By: Raynald Harvey Lemelin (Editor)

353 pages, 31 b/w photos, tables

Cambridge University Press

Hardback | Nov 2012 | #200264 | ISBN-13: 9781107012882
Availability: Usually dispatched within 6 days Details
NHBS Price: £103.00 $130/€123 approx

About this book

Insects such as cockroaches, mosquitoes and bed-bugs are usually not highly sought amongst travellers or recreationists, yet each year, collectors, butterfly enthusiasts, dragonfly-hunters and apiarists collect, visit, document and raise insects for recreational purposes. Illustrating a range of human-insect encounters from an interdisciplinary perspective, The Management of Insects in Recreation and Tourism provides the first insight into the booming industry of insect recreation. Case studies and examples demonstrate the appeal of insects, ranging from the captivating beauty of butterflies to the curious fascination of locust swarms, and challenge the notion that animals lacking anthropomorphic features hold little or no interest for humans. Throughout The Management of Insects in Recreation and Tourism, the emphasis is on the innovators, the educators, the dedicated researchers and activists who, through collaboration across fields ranging from entomology to sociology and anthropology, have brought insects from the recreational fringes to the forefront of many conservation and leisure initiatives.


Contents

List of contributors

1. Introduction Raynald Harvey Lemelin

Part I. Human-Insect Encounters:
2. Minding insects: scale, value, world Adam Dodd
3. The philosophical and psychological dimensions of insects: tourism, horror and the negative sublime Jeff Lockwood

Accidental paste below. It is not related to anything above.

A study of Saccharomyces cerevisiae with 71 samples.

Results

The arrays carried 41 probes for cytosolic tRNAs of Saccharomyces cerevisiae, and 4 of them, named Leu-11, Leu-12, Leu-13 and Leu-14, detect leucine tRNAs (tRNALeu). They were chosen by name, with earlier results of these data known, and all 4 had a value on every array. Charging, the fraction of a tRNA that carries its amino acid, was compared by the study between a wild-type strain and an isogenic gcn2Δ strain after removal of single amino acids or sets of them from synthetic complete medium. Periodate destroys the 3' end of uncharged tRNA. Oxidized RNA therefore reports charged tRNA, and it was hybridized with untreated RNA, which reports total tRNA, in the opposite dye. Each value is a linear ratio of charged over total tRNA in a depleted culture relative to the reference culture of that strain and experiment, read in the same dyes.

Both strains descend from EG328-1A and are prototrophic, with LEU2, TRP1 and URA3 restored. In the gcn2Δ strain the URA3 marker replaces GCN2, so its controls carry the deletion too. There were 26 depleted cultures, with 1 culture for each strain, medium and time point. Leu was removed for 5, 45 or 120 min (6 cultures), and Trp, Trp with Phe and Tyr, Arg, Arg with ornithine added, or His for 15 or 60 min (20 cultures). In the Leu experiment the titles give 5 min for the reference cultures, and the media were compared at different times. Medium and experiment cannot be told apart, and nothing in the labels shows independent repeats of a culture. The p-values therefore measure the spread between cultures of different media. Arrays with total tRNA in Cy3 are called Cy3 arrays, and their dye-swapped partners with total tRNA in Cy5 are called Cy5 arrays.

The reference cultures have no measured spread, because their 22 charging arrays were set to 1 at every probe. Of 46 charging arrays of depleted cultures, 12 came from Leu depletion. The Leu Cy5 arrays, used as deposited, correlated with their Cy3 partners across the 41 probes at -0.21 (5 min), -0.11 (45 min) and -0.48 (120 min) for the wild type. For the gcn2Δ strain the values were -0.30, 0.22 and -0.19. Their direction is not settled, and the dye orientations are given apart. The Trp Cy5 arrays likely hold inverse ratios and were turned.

4. Tiger beetles: lessons in natural history, conservation, and the rise of amateur involvement David Pearson
5. A is for agriculture, B is for bee, C is for colony-collapse disorder, P is for pollinator parks: an A to Z overview of what insect conservationists can learn from bees Edward M. Spevak
6. The entomological and recreational aspects of interacting with Lepidoptera T. R. New
7. Dragonflies: their lives, our lives, from ponds to reserves Michael J. Samways

Part II. Insects and Leisure:
8. Relating to aquatic insects: becoming English fly fishers Adrian Franklin
9. An appreciation for the natural world through collecting, owning, and observing insects Akito Y. Kawahara and Robert M. Pyle
10. Gardening and landscape modification: butterfly gardens Jaret Daniels
11. The role of edible insects in human recreation and tourism Alan L. Yen, Yupa Hanboonsong and Arnold van Huis

Part III. Insects and Tourism:
12. Butterfly conservatories, butterfly ranches and insectariums: generating income while promoting social and environmental justice Ko Veltman
13. Insect festivals: celebrating and fostering human-insect interactions Glen T. Hvenegaard, Thomas A. Delamere, Raynald Harvey Lemelin, Kathleen Brager and Alaine Auger
14. Glow-worm tourism in Australia and New Zealand: commodifying and conserving charismatic micro-fauna C. Michael Hall

Part IV. Conservation Frontiers:
15. May you live in interesting times: technology and entomology Forrest Mitchell
16. Citizen science and insect conservation Kelsey Johansen and Alaine Auger
17. The institutionalization of insect welfare: the cultural aspects of establishing a new organization dedicated to conserving invertebrates Matt Shardlow
18. Insects in education: creating tolerance for some of the world's smallest citizens C. Ernst, K. Vinke, D. Giberson and C. M. Buddle
19. Discovering the wilderness in parks and protected areas Jessica J. Rykken and Brian D. Farrell
20. Conclusion Raynald Harvey Lemelin

Index



Raynald Harvey Lemelin is an associate professor in the School of Outdoor Recreation, Parks and Tourism at Lakehead University, Canada. His research interests focus around human-animal dynamics, originally in the context of polar bear viewing and more recently in examining the human dimensions of insect conservation.